The Gallic campaigns have been treated by Napoleon III., Histoire de Jules César (1865-1866), which is valuable as giving the result of excavations, and in English by T. Rice Holmes, Caesar's Conquest of Gaul (1901), in which references to earlier literature will be found. A later account is that of G. Veith, Geschichte der Feldzüge C. Julius Caesars (1906). For maps see A. von Kampen. For the Civil War see Colonel Stoffel (the collaborator of Napoleon III.), Histoire de Jules César: guerre civile (1887). There is an interesting article, "The Likenesses of Julius Caesar," by J.C. Ropes, in Scribner's Magazine, Feb. 1887, with 18 plates.

(H. S. J.)

Medieval Legends.

In the middle ages the story of Caesar did not undergo such extraordinary transformations as befell the history of Alexander the Great and the Theban legend. Lucan was regularly read in medieval schools, and the general facts of Caesar's life were too well known. He was generally, by a curious error, regarded as the first emperor of Rome,[5] and representing as he did in the popular mind the glory of Rome, by an easy transition he became a pillar of the Church. Thus, in a French pseudo-historic romance, Les Faits des Romains (c. 1223), he receives the honour of a bishopric. His name was not usually associated with the marvellous, and the trouvère of Huon de Bordeaux outstepped the usual sober tradition when he made Oberon the son of Julius Caesar and Morgan la Fay. About 1240 Jehan de Tuim composed a prose Hystore de Julius Cesar (ed. F. Settegast, Halle, 1881) based on the Pharsalia of Lucan, and the commentaries of Caesar (on the Civil War) and his continuators (on the Alexandrine, African and Spanish wars). The author gives a romantic description of the meeting with Cleopatra, with an interpolated dissertation on amour courtois as understood by the trouvères. The Hystore was turned into verse (alexandrines) by Jacot de Forest (latter part of the 13th century) under the title of Roman de Julius César. A prose compilation by an unknown author, Les Fails des Romains (c. 1225), has little resemblance to the last two works, although mainly derived from the same sources.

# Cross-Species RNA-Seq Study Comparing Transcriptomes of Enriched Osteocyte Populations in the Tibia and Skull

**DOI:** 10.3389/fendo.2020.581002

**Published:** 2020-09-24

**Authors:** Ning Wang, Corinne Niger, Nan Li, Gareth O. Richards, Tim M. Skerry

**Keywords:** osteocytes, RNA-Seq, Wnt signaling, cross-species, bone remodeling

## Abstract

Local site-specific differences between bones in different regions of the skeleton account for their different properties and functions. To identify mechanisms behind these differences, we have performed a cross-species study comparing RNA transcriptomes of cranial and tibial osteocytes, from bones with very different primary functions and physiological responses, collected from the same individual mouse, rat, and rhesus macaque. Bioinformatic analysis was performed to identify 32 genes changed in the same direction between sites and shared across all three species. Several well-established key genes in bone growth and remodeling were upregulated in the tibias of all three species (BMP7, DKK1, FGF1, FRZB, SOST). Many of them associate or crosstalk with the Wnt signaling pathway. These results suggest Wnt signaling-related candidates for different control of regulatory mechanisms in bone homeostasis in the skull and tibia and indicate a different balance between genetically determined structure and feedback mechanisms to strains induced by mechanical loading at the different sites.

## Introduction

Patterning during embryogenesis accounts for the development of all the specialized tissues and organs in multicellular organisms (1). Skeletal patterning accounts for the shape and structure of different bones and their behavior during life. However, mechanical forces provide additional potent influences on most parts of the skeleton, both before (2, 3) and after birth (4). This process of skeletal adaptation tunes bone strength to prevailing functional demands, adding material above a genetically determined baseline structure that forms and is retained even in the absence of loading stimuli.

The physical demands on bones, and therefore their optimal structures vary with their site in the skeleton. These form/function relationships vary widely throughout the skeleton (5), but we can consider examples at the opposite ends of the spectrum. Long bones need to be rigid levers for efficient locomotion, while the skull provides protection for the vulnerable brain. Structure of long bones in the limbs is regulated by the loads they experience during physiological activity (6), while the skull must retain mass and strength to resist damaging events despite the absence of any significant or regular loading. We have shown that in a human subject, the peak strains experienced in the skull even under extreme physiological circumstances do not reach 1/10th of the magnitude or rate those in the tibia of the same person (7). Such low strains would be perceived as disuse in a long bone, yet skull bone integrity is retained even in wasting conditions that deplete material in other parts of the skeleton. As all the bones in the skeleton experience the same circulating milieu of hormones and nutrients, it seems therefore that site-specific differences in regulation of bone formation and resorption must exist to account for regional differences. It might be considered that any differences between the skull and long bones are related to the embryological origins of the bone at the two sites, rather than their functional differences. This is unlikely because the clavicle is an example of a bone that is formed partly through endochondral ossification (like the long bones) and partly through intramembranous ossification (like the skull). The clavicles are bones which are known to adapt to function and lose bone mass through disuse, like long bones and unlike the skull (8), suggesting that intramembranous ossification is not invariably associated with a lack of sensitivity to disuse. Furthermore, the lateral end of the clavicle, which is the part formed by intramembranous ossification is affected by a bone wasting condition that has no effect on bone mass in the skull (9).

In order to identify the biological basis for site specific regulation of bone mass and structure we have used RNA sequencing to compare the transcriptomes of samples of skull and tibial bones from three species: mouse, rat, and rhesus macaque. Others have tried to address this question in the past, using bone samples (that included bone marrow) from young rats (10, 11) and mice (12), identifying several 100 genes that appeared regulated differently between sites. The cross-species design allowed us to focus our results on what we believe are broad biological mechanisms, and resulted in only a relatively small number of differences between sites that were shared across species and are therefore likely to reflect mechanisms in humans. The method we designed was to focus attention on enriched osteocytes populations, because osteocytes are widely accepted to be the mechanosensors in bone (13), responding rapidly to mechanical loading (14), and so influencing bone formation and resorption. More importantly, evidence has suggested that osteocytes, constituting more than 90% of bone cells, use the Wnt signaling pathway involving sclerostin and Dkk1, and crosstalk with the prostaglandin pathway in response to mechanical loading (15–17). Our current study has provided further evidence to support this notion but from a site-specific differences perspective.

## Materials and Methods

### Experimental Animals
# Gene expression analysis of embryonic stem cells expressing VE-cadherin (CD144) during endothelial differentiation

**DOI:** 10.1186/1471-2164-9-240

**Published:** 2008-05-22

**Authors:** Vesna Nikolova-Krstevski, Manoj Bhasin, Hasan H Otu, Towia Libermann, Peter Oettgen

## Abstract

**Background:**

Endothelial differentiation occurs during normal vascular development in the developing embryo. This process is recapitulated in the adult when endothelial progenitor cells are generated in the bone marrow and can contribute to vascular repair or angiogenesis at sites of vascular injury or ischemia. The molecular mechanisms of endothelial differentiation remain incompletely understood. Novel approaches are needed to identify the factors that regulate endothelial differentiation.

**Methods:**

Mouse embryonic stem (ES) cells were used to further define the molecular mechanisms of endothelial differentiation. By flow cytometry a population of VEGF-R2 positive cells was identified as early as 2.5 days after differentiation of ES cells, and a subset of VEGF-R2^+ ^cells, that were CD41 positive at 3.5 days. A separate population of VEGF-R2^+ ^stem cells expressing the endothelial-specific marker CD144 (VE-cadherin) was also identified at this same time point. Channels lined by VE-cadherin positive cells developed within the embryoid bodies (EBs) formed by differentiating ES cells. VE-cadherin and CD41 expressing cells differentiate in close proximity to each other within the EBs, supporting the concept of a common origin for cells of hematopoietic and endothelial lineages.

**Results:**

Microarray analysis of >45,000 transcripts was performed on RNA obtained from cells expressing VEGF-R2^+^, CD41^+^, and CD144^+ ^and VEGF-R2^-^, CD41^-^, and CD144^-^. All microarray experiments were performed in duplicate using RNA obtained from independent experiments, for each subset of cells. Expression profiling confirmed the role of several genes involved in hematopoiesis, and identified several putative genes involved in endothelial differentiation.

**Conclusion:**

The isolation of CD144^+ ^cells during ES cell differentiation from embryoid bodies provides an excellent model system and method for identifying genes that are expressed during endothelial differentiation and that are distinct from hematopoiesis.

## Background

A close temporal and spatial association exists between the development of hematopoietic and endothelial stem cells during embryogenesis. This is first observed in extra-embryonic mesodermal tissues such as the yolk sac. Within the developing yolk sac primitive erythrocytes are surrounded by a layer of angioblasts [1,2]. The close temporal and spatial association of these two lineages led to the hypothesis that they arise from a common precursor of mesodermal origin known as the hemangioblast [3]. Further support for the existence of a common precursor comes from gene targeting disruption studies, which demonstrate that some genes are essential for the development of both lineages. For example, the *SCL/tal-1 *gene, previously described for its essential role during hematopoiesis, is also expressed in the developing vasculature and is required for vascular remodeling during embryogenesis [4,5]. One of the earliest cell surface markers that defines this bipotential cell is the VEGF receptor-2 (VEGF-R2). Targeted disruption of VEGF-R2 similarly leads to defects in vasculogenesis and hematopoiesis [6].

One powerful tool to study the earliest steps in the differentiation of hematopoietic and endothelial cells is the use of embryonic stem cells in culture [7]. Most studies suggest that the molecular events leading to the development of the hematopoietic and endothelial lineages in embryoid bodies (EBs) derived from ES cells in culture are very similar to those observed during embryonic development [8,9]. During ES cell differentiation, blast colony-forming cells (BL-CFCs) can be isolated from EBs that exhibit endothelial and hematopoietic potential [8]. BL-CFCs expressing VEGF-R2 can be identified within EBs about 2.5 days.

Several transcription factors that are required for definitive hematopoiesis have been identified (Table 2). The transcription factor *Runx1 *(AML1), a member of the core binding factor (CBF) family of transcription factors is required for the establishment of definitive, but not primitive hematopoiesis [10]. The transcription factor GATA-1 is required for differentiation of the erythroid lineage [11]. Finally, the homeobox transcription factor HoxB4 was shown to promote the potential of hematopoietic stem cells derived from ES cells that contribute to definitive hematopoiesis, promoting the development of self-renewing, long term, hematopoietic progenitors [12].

It was originally intended to contain a history of the twelve Caesars, but concluded with the murder of the dictator, and in some MSS. bears the title of Li livres de César. Its popularity is proved by the numerous MSS. in which it is preserved and by three separate translations into Italian. A Mistaire de Julius César is said to have been represented at Amboise in 1500 before Louis XII.

See A. Graf, Roma nella memoria e nella imaginazione del medio evo, i. ch. 8 (1882-1883); P. Meyer in Romania, xiv. (Paris, 1885), where the Faits des Romains is analysed at length; A. Duval in Histoire littéraire de la France, xix. (1838); L. Constans in Petit de Jullevilles' Hist. de la langue et de la litt. française, i. (1896); H. Wesemann, Die Cäsarfabeln des Mittelalters (Löwenberg, 1879).

(M. Br.)

[1] In spite of the explicit statements of Suetonius, Plutarch and Appian that Caesar was in his fifty-sixth year at the time of his murder, it is, as Mommsen has shown, practically certain that he was born in 102 B.C., since he held the chief offices of state in regular order, beginning with the aedileship in 65 B.C., and the legal age for this was fixed at 37-38.

[2] Suetonius, Jul. 76, errs in stating that he used the title imperator as a praenomen.

[3] The statement of Dio and Suetonius, that a general cura legum et morum was conferred on Caesar in 46 B.C., is rejected by Mommsen. It is possible that it may have some foundation in the terms of the law establishing his third dictatorship.

[4] Since the discovery of a fragmentary municipal charter at Tarentum (see Rome), dating from a period shortly after the Social War, doubts have been cast on the identification of the tables of Heraclea with Caesar's municipal statute. It has been questioned whether Caesar passed such a law, since the Lex Julia Municipalis mentioned in an inscription of Patavium (Padua) may have been a local charter. See Legras, La Table latine d'Héraclée (Paris, 1907).

[5] Brunetto Latini, Trésor: "Et ainsi Julius César fu li premiers empereres des Romains."